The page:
Godhead - The Shadow Line

01. Trapped In Your Lies
02. Hey You
03. The Gift
04. Fall Down
05. Push
06. Another Day
07. Once Before
08. Unrequited
09. Through The Cracks
10. Goodbye
11. Your End Of Days
12. Inside Your World

I seem to recall having some sort of interest in Godhead a few years ago back when Marilyn Manson took the band under his black wings, signed them onto his label, sang on their album and probably made some coffee for them too while he was at it. Well, whatever interest I might have had, it has definitely waned by now after hearing The Shadow Line, which is a classic example of music made by a band that is content in being located on precisely the same page throughout their entire career.

Basically, Jason C Miller and co. go through the motions. They indulge in tired industrial rock and goth metal clichés. The songwriting is pretty uninspired throughout. While this is all not completely indigestible in small doses (the melodies are actually memorable, the production is good, the vocals are solid), as a whole, the album is simply something that doesn't draw attention for a very long time. We're dealing here with the same tried and true formula of mid-tempo rhythms, simple power-chord chugging riffs and soaring (yet sorrowful) vocals. We've heard this all before and it wasn't particularly engaging to begin with. Also, I think the current alternative metal scene might have had more than its allowed share of similar bands. To top all of this off, Godhead treat us to some of the wors't ballads I have ever heard: "Fall Down" and "Inside Your World".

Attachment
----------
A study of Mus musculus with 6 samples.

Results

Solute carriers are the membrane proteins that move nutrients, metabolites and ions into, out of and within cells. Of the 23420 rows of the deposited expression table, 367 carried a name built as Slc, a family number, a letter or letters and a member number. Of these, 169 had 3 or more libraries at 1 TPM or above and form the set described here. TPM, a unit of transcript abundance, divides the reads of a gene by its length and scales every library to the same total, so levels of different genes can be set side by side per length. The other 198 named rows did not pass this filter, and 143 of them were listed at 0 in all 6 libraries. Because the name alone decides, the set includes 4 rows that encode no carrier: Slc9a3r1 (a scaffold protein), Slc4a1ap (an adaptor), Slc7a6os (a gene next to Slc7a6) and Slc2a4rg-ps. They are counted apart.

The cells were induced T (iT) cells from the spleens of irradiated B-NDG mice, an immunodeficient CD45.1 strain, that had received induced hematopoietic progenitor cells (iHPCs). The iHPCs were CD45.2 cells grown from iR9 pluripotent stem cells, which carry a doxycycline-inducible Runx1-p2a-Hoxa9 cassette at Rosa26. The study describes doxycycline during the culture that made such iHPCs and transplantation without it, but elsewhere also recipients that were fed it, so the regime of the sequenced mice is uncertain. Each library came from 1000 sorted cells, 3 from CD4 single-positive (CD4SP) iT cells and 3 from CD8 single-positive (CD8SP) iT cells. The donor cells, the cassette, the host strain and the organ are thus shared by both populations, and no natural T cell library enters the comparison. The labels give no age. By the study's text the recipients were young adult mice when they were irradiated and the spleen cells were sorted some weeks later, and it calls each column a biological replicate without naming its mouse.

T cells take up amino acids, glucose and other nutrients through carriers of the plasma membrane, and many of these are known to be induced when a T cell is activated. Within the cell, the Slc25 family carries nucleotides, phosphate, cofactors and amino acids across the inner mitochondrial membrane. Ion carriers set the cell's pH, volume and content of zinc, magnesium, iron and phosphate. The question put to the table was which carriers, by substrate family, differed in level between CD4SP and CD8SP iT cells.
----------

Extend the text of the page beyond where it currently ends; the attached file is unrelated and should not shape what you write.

All in all, this is a pretty mediocre album. I wouldn't recommend it anyone unless you are really in the mood for some unobtrusive and formulaic industrial rock.


Written on 09.11.2006 by
With Metal Storm since 2002, jupitreas has been subjecting the masses to his reviews for quite a while now. He lives in Warsaw, Poland, where he does his best to avoid prosecution for being so cool.
Agree man...

I would call this more of a post-grunge than anything else... can't see how 3seconds of electronic little noises makes this album industrial.
Pure crap.

Not that their early albuns were some serious masterpieces.. but I can extract lots of good moments from Power Tool Stigmata.